FSPC supports facilitating the naturalization of third-generation immigrants

Like the Swiss Parliament and the Federal Council, the Federation of Swiss Protestant Churches recommends the adoption of a law facilitating the naturali-zation of third-generation immigrants: to all intents and purposes, they are al-ready Swiss. In many FSPC member churches, they are eligible to vote. Partici-pation creates communal solidarity to the benefit of all.

For all intents and purposes, third-generation migrant already are Swiss. And yet, they are barred from the civic rights and duties of Swiss citizens. They are affected by referendums, but cannot vote in them. They are excluded from democratic processes and are not part of the sovereign.

Political rights enable people to participate in shaping the society they live in. For the Reformed Churches, too, opportunities for participation are a key concern. For example, many FSPC member churches known the voting rights of foreign Reformed Christians who live here.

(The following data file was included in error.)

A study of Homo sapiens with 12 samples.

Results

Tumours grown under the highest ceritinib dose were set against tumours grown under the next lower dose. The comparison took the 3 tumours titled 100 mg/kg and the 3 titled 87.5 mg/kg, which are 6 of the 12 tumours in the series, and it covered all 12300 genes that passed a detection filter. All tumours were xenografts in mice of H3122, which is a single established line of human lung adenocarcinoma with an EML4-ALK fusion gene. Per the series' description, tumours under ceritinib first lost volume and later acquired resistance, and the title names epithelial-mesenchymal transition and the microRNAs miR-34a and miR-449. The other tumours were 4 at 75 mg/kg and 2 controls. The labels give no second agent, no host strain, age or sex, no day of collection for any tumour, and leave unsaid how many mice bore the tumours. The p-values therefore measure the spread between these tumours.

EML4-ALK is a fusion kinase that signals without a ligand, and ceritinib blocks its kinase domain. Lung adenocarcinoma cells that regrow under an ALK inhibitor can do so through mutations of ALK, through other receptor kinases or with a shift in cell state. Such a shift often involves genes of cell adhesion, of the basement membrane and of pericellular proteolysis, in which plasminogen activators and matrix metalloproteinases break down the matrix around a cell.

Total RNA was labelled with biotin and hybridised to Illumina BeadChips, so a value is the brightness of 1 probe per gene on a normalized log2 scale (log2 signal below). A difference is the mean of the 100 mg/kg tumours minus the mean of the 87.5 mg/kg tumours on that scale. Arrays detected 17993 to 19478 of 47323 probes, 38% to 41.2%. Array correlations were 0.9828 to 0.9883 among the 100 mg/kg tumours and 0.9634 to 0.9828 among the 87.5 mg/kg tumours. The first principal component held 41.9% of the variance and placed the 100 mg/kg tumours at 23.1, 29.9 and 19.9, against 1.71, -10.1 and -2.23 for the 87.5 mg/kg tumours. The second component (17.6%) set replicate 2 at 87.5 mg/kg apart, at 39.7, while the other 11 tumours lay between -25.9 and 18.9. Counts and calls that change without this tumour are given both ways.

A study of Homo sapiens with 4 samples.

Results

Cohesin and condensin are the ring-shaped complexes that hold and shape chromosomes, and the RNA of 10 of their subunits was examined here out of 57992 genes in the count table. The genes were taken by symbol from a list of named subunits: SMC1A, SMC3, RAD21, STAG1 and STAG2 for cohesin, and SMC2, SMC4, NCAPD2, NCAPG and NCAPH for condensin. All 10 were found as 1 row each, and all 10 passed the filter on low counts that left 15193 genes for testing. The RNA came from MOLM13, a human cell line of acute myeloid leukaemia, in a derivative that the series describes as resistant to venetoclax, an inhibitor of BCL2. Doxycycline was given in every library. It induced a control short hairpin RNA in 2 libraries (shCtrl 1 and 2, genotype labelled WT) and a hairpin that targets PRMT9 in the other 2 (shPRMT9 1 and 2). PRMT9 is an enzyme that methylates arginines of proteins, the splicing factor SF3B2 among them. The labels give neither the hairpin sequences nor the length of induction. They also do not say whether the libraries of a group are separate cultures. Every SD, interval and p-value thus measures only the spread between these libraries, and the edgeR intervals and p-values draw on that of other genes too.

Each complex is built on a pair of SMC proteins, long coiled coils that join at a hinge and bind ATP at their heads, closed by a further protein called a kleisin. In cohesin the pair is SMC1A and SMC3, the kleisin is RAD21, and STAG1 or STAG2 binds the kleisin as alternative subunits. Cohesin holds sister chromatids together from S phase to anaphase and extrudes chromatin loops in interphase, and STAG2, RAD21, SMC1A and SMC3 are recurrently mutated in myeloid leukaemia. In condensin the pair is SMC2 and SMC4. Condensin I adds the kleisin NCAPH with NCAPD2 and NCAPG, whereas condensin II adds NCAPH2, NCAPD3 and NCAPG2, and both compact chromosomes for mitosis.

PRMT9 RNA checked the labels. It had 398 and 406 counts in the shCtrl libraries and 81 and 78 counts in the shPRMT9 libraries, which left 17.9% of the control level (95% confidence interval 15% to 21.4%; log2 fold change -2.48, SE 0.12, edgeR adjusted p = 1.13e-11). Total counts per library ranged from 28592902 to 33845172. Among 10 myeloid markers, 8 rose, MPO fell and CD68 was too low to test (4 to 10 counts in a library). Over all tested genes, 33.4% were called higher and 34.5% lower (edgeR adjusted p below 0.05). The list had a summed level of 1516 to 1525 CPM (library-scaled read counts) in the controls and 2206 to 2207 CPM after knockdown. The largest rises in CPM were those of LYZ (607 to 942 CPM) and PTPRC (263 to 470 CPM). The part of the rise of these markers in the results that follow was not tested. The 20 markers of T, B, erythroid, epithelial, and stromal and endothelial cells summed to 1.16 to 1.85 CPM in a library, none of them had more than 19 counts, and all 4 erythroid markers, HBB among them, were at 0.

The rights and duties associated with the citizenship give rise to questions of justice and equality. The granting or withholding of civic rights is also a question of justice. A society is just if it offers all of its members equal opportunities to participate in social and political life, to shape it actively and to voice their concerns effectively.  These participative processes strengthen the fabric of society.  This benefits not only naturalized citizens, but all of us. Participation creates communal loyalty.

The FSPC has already spoken out in favor of facilitating naturalization for third-generation immigrants in the course of legal consultation processes. Furthermore, the present facilitated naturalization process is not a new thing. It has already been tried and tested. Spouses of Swiss nationals already can be naturalized with this facilitated process.